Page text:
Ariel Center for
Policy Research



NATIV    Volume Twelve    Number 6 (71)    November 1999    Ariel Center for Policy Research




Professor Huntington's "Clash of Civilizations"
and its Bearing on Israel's Security

Christopher Barder

This is not an analysis of the virtues or vices of Professor Huntington’s work but is rather using it as a tool. The concept of “civilization” is shown to be a very useful one for assessing the true position of Israel in relation to her security needs vis a vis her Arab neighbors.  If it is not at all easy for the constituent elements which make up a civilization to change and these penetrate deeply into matters of religion and inter-personal relationships, then the prospects for reform of any far reaching nature in the essentials of Islam must need to be explored.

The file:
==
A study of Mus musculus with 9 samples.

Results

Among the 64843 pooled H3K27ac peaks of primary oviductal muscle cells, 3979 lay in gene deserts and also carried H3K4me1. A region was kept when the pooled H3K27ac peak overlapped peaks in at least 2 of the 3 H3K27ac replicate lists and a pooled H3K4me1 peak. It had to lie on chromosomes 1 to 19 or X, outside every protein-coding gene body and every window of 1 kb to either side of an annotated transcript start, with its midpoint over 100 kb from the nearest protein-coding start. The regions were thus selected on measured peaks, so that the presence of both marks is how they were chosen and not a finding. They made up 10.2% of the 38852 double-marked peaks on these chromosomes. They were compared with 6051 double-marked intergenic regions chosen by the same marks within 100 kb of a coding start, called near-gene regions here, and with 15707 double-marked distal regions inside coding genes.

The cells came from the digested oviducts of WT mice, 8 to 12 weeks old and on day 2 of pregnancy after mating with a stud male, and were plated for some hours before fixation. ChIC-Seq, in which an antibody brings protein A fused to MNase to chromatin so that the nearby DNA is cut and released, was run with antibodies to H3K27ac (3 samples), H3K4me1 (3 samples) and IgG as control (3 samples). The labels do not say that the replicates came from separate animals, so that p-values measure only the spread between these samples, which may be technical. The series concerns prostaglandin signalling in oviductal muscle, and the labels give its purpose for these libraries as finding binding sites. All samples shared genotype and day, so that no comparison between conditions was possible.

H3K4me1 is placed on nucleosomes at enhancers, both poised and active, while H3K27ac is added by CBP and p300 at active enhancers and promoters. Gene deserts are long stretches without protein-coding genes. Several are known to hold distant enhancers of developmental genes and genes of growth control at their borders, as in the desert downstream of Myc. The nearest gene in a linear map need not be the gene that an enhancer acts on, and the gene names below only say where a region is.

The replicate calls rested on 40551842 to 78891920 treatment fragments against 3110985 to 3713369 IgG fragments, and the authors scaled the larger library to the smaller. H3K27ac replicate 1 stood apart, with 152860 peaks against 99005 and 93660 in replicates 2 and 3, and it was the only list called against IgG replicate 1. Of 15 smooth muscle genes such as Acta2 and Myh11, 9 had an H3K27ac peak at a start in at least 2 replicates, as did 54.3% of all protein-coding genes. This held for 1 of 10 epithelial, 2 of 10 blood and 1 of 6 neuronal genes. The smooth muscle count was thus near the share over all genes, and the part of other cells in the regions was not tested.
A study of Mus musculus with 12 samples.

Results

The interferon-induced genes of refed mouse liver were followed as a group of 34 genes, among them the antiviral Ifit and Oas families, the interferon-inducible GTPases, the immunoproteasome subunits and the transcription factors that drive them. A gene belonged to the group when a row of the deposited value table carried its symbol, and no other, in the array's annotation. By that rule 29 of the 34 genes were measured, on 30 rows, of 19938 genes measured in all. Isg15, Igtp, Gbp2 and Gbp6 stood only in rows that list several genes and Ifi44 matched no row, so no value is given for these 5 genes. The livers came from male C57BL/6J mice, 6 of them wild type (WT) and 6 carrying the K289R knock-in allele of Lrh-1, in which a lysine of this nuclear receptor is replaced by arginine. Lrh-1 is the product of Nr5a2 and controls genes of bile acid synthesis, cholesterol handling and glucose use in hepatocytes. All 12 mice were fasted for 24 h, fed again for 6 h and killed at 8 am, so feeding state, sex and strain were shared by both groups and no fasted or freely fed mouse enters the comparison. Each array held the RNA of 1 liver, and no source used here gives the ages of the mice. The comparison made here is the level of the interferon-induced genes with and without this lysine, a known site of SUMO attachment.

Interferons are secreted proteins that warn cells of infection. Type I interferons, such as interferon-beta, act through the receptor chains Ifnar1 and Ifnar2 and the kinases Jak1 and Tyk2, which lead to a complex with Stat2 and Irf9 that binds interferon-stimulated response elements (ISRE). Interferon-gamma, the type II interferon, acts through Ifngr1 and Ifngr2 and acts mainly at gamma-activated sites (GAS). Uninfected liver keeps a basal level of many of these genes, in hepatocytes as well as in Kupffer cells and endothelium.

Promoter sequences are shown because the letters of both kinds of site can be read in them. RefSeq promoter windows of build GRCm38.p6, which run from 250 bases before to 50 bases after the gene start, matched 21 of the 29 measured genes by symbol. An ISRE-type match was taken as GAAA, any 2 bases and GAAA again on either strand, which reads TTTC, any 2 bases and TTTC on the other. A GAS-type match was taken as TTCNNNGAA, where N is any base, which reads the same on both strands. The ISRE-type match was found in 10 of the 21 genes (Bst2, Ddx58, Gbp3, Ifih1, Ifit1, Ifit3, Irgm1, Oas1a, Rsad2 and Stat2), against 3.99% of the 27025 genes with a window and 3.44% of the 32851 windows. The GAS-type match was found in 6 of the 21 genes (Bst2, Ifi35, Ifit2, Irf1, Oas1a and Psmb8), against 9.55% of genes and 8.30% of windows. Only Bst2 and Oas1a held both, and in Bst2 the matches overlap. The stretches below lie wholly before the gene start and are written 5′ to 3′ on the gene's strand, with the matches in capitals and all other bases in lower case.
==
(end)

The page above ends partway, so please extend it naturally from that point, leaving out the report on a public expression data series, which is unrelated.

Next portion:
What the arguments and insights of Professor Huntington alert his audience to is the possibility of assessing the nature of civilizations beyond the solely theoretical and conceptual.  In so doing the means for looking closely at the way Islam affects its adherents’ attitudes become more vital and perhaps available.  Understanding of “Islamic civilization” becomes a truly essential task in the light of its unchanging teaching and values and also historical record.  These in turn suggest the degree of viability and sense behind the “Oslo peace processes”.  If, in analysis of the outlook and beliefs of the Islamic civilization to which Israel’s neighbors claim they belong, in speeches, books, cartoons and the media, there cannot be found any serious revision of overt and covert hostility to Israel, then the Huntington clashes of civilizations ideas for furthering understanding of international relations and strategic realities serve Israeli analysts well (and not only those in Israel):  the so-called peace process has no chance of bringing peace but instead must be viewed as a means of further weakening Israel’s capacity to resist destruction at the hands of Muslim Arab enemies.